Paul Gunter, reactor specialist at Beyond Nuclear in Washington, said “[K]illing the NAS study only aids in making radiation risk and consequences more invisible.” Gunter called the decision a “major setback that is only going to benefit industry.”
The cancer study’s cancellation came only three months after the NRC shocked the scientific community by announcing that it would take seriously recent petitions for weakening “Standards for Protection Against Radiation.” The agency said June 23 it is considering adopting the so-called “hormesis” theory, that a little radiation is good for health and acts like a vaccination. Promoted by radiation industry boosters at the University of Wisconsin, “hormesis” hokum has been explicitly refuted and repudiated by the National Academy of Sciences. The NAS’ 7th book-length report on the biological effects of radiation, BEIR-VII, declared that any exposure, regardless of how small, can induce cancer.
Nuclear facilities legally emit gases and waste water contaminated with radioactive xenon, krypton, iodine-131, strontium, and tritium, etc. Reactors can’t even function without regularly venting these deadly materials -- releases that control pressure, temperature and vibrations inside the giant machines. These emissions are believed to cause cancers and other illnesses among people living nearby.
The NRC’s juxtaposition of ignoring the effects of chronic low-level radiation exposures and openly studying debunked nonsense like “hormesis,” looks a lot like evidence of an agency captured by the industry it’s supposed to control. Hundreds of studies that have found health effects, especially childhood leukemia, from low-doses are the writing on the wall that the NRC, the Energy Dept. and the EPA would rather not confront.
French and German Studies
In Jan. 2012, French researchers reported in the International Journal of Cancer a clear correlation between elevated acute childhood leukemia rates among kids and their nearness to operating reactors (“Childhood leukemia around French nuclear power plants -- the Geocap study, 2002-2007”).
This devastating study -- done by a team from three major scientific institutes -- demonstrated the doubling of childhood leukemia incidence in France. The increase in cancer was higher, up to 2.2 times normal, among children under age five. The study included the 2,753 cases of acute leukemia diagnosed in mainland France, and 30,000 contemporaneous population “controls.” The children’s last addresses were geo-coded and located around France’s 19 nuclear power stations, which operate 54 reactors.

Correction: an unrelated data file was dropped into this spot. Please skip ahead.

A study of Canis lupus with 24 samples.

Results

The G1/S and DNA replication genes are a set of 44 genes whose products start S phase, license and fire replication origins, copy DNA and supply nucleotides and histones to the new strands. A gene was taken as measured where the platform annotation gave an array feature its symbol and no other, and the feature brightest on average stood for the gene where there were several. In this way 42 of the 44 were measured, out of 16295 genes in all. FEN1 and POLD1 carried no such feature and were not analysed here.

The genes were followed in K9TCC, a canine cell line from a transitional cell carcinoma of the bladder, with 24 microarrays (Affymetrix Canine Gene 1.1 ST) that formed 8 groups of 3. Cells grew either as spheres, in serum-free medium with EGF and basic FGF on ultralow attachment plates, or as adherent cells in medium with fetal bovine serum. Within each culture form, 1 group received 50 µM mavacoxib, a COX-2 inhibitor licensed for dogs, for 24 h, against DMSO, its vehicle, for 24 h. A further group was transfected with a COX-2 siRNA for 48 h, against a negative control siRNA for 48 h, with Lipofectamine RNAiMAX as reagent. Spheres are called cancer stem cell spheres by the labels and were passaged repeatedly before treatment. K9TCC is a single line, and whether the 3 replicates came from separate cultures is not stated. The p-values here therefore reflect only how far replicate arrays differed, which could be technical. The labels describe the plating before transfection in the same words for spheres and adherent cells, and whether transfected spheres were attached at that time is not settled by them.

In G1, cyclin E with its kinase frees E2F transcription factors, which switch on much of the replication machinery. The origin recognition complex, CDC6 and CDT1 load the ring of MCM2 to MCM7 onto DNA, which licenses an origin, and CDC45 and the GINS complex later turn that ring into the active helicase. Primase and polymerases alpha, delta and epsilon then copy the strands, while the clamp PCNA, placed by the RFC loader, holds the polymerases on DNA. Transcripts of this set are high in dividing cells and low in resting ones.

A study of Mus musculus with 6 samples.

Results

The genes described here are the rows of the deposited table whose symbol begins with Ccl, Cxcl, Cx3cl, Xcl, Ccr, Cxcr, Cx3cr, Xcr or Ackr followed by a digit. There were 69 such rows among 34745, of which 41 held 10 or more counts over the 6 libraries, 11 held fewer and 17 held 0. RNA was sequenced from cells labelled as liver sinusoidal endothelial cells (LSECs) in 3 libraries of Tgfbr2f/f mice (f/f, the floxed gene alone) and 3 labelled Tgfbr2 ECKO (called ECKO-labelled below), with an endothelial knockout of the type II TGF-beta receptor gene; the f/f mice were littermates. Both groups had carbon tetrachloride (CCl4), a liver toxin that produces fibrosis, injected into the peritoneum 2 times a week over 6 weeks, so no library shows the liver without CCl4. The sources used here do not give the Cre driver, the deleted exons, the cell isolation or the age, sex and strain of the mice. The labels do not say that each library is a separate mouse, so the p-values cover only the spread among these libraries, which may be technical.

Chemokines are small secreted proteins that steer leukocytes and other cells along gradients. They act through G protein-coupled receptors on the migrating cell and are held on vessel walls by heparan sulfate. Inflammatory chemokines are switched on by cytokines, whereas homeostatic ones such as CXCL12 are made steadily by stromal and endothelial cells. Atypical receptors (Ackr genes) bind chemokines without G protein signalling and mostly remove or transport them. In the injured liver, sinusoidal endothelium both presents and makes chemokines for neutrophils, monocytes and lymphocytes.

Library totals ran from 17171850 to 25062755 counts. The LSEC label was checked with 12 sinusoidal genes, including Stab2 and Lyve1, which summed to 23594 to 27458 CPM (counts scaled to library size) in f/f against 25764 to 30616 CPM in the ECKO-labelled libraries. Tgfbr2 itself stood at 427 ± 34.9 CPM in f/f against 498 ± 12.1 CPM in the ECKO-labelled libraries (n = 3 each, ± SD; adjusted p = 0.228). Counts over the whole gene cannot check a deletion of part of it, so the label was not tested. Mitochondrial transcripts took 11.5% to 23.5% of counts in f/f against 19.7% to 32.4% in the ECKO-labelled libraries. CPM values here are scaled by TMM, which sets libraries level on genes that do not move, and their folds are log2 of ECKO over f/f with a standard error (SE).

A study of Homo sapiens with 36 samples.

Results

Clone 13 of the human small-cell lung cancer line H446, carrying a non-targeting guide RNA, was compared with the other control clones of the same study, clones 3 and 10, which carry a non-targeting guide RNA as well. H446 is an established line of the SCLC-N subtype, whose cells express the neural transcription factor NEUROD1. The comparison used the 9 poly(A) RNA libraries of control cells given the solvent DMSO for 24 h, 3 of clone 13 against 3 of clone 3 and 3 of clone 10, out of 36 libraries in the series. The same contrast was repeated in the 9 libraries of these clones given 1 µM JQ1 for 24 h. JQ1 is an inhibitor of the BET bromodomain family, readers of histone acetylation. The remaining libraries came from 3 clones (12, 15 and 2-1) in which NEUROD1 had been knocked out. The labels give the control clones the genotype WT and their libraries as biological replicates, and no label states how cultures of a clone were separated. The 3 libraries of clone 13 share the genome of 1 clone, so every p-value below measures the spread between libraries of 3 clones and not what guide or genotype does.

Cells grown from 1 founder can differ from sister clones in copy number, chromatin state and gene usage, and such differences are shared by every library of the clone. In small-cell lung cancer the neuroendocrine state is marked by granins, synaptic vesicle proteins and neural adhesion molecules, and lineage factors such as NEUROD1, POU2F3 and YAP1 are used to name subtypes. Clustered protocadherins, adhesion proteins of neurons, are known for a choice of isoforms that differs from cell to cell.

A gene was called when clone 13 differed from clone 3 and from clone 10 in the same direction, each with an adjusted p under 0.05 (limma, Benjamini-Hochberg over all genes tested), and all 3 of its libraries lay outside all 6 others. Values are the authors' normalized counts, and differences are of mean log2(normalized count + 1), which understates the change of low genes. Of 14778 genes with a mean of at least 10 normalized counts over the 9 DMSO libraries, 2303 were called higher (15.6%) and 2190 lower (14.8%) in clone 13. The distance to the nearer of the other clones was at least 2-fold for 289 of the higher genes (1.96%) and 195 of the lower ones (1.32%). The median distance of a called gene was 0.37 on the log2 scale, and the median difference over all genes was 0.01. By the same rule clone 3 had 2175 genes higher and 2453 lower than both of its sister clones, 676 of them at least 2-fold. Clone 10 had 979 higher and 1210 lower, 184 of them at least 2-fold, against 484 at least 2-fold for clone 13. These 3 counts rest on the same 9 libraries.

The French researchers noted that they could see no environmental factor that could produce the excess cancers other than living in the plume of allowable radioactive emissions spewed by operating reactors.
Likewise in Germany, results of the 25-year-long “KiKK” studies – “Childhood Cancer in the Vicinity of Nuclear Power Plants” -- were published in both the International Journal of Cancer, and the European Journal of Cancer in 2008. These massive studies found higher incidences of cancers and even stronger associations with proximity to reactor installations than all previous reports. The main findings were a 60% increase in solid cancers, and a 117% increase in leukemia among young children living near Germany’s (then) 16 nuclear facilities between 1980 and 2003.
Similar leukemia spikes have been found around US reactors (European Journal of Cancer Care, Vol. 16, 2007) by researchers at the Medical University of South Carolina. Studying 17 research papers covering 136 reactor sites in the UK, Canada, France, the US, Germany, Japan and Spain, the incidence of leukemia in children under age nine living close to reactors -- compared to rates elsewhere -- showed an increase of 14% to 21%, while death rates from the disease were raised by 5% to 24%, depending on proximity to the radiation emitters.
EPA Floats Increased Accident Exposure Allowances
Further evidence of regulatory capitulation to industry are the EPA’s 2013 Protective Action Guides (PAGs) for responding to large-scale radiation releases -- like the meltdowns at Fukushima and Chernobyl. The new PAGs will save reactor owners the enormous, bankrupting costs of comprehensive disaster cleanup. Eerily, the new PAGs seem to presume the inevitability of radiation catastrophes that the industry of course claims are highly unlikely.
According to Daniel Hirsch, President of Committee to Bridge the Gap, plans for imposing the new PAGs “would allow the public to be exposed to extraordinarily higher levels of radiation than previously permitted” during radiation emergencies. The new PAGs also allow extremely high contamination of food. “In essence, nuclear power accidents could be so widespread and produce such immense radiation levels that the government would abandon cleanup obligations,” forcing people to absorb and live with far more cancers. Hirsch says the PAGs took effect in April 2013 but can be amended.
To cut costs, industry has long pushed for weakening radiation regulation. In 2002, Roger Clarke president of the International Commission on Radiological Protection (ICRP) warned in the Bulletin of the Atomic Scientists, “Some people think that too much money is being spent to achieve low levels of residual contamination.” The ICRP recommends exposure standards to governments for nuclear industry workers and the public. Today, although scientists have found that far more damage is caused by low dose radiation than was earlier thought possible, the ICRP’s 1990 recommendations to reduce worker and public exposures by three-fifths have never been adopted by the United States.